Newsletter Volume 167




Million Dollar Question

Latest Blog Posts

Cartoon of the Month 




It seems weather-related disasters have been on the rise in recent years, thus bringing-about an increased demand for various types…
The success (or failure) of a construction project often lies at the hands of the Project Manager.
People often talk about the pros and cons of sustainable or “green” construction. Here are a few statistics you might find…
All of us here at Brookstone Builders are pleased to announce that we’ve been awarded a repurposing project at the University…


A 2017 SmartBid survey on the "invitation to bid" process identified 3 top challenges for General Contractors:
53% said the time required to generate bids was their biggest challenge
24% indicated finding qualified workers in specified areas (bid coverage) was the top challenge
20% said getting responses from sub-contractors was the hardest part







600 Harvey Road

Manchester, NH

(603) 641-9455



A question that most contractors dread is – “How much will it cost per square foot to build, or renovate, this building?” It’s certainly not that contractors don’t want the work – they dread it because they’ll have to try to adequately explain why there is not a clear-cut answer due to all of the variables involved, without scaring off the customer. The cost of commercial construction projects fluctuates a great deal depending on a variety of factors. Here are the top cost-drivers that can skew the price tag higher or lower.

  1. Location, Location, Location
    There are several geographical factors to take into consideration when determining costs. Location alone can represent as much as 70% of the cost driver for a single-story office building. Building in earthquake-prone or hurricane-prone areas will cost more due to strict code requirements to meet those environmental challenges. The type of soil and terrain will determine how much site work will be necessary. Living in the “granite” state, we know this first hand as the cost of relocating granite is costly.
  2. Type of Building
    Every type of building comes with its own criteria and parameters for completion. A new metal building warehouse will have a much lower square foot price than a metal building for offices. The exterior construction may be similar, but the interior finishes will differ drastically. Likewise, warehouses will be less than retail buildings or medical clinics.
    Building from the ground up versus utilizing an existing building can make a huge difference in price as well. It’s logical that renovating a building would cost less, but that also comes with many variables. At times a finished building is left in “shell condition”, meaning that all interior items still need to be completed. This allows a new tenant the chance to fit it up to their needs without having to remove or alter existing structures, although the overall renovation expense is generally higher.
    The alternative is known as “second-generation” space, meaning that the building has been occupied before so most or all interior work is complete and move-in ready. Normally only minor renovations are needed, such as paint and carpet, and possibly some walls or additional offices. However, if it’s an older building or the use of the building will be changing, more extensive renovations may be needed to bring it up to current building codes. For example, if abatement in an older structure is necessary, it can add to the renovation cost.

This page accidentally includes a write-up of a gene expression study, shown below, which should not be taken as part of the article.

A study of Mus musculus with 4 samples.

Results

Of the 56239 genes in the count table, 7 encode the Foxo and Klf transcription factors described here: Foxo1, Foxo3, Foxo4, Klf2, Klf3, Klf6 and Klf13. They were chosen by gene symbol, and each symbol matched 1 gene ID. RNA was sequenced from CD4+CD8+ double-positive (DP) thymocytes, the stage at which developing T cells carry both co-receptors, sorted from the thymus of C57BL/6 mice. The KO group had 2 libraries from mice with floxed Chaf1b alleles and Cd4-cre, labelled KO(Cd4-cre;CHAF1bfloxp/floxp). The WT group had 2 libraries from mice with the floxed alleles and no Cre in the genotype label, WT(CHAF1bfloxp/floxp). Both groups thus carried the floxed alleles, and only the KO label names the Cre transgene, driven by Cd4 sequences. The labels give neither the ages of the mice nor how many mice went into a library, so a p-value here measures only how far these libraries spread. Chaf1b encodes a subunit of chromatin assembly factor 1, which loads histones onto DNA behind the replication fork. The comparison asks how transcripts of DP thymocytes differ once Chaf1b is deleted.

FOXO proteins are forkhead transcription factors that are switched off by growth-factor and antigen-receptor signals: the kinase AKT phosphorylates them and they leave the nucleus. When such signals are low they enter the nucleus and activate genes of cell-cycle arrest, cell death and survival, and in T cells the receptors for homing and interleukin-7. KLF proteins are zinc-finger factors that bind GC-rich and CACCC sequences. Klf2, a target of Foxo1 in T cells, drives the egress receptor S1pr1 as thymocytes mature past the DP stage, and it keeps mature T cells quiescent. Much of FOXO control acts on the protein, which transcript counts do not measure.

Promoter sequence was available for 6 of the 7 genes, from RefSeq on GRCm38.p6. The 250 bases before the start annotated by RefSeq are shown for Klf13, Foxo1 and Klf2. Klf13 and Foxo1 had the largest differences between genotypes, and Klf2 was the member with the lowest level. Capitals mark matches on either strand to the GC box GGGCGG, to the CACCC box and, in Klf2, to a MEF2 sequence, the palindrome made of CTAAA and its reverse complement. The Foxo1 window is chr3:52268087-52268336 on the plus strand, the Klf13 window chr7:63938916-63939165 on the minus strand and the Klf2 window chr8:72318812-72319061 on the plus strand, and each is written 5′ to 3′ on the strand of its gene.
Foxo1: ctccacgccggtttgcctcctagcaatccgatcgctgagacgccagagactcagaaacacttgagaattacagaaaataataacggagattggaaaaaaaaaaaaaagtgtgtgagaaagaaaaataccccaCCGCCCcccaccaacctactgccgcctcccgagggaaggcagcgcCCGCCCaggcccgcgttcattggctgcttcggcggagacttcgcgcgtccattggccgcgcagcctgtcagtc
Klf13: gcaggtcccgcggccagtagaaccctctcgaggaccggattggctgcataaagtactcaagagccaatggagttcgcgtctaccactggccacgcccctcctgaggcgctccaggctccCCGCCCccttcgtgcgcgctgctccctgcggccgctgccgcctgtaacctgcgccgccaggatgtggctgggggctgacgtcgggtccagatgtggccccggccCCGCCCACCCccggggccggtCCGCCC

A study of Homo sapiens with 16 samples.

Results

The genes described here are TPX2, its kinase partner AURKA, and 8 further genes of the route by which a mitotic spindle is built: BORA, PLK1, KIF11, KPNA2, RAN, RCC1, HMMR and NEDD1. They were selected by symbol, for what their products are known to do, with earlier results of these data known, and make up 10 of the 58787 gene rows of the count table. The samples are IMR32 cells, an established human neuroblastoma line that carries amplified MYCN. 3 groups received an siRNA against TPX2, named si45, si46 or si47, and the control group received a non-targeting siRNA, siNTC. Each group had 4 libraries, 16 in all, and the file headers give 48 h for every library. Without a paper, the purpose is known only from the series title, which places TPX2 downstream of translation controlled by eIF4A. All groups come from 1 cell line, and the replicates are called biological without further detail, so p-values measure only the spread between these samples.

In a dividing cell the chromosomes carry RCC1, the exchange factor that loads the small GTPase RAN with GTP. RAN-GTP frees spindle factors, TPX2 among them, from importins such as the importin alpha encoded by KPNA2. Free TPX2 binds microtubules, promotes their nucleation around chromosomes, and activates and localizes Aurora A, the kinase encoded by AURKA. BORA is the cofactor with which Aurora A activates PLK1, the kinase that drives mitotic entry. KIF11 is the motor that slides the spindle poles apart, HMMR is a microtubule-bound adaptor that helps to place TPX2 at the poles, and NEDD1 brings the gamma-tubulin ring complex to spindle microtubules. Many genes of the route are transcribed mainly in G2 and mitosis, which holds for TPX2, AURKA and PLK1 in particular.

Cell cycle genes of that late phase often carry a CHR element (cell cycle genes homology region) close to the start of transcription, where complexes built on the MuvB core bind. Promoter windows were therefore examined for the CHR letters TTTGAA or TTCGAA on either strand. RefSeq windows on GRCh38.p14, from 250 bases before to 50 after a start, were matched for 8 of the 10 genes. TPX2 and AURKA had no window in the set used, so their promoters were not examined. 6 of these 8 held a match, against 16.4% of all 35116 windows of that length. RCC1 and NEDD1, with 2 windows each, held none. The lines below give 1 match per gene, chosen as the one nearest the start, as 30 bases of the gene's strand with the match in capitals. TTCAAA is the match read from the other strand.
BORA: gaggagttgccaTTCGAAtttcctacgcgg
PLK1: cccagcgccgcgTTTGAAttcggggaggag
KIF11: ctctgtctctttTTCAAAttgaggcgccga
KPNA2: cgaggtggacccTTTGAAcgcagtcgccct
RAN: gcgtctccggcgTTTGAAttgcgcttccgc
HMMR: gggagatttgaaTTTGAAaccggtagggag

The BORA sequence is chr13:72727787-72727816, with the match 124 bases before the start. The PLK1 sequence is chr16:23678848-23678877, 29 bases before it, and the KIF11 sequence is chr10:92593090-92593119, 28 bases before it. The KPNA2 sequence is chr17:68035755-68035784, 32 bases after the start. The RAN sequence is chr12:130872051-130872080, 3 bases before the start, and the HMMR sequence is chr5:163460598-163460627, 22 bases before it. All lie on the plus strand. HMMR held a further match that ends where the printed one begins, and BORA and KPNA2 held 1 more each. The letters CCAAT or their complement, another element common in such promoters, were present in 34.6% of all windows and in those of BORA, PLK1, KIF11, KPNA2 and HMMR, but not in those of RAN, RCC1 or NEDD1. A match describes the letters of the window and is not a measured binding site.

3. Size of Building
    It’s common sense to think that the larger the building, the more it will cost, since more materials and labor will be necessary. However, economies of scale play a big role in many building projects, which can lower the square foot price. Fixed costs such as a contractors’ overhead expenses, along with discounts for ordering materials in bulk, usually mean large projects will have a lower price per square foot than smaller projects.
  4. Materials and Finishes
    Interior and exterior finishes are a primary contributor to driving overall costs for each type of construction project. The cost of items like windows and doors, cabinetry and woodwork, and carpet/flooring can drastically vary. If the building will have heavy use and lots of traffic, commercial grade finishes would be wise. A company with a lot of client interaction such as a law firm or medical office may be willing to pay more for quality finishes. Another big consideration is the projected clientele of the building if space will be leased. For example, luxury apartments will have higher quality finishes than an apartment building near a university campus.
  5. What is Included?
    When a contractor quotes a construction price it’s imperative to understand what it includes. Is it strictly for the materials and labor or everything that’s necessary to complete the project? Items such as architectural design, engineering and surveying, and permitting costs can add quite a bit to a projects total cost.
It’s natural to want to get a fair price and not pay any more than necessary for a construction project. But it’s also important to remember that trying to achieve a low construction cost could actually be more expensive in the long term, as focusing too much on the cost may come at the expense of quality. No matter what the project budget may be, there’s many variables when it comes to cost and there’s no simple one-size-fits-all answer to the million dollar question of, “What is the cost per square foot?”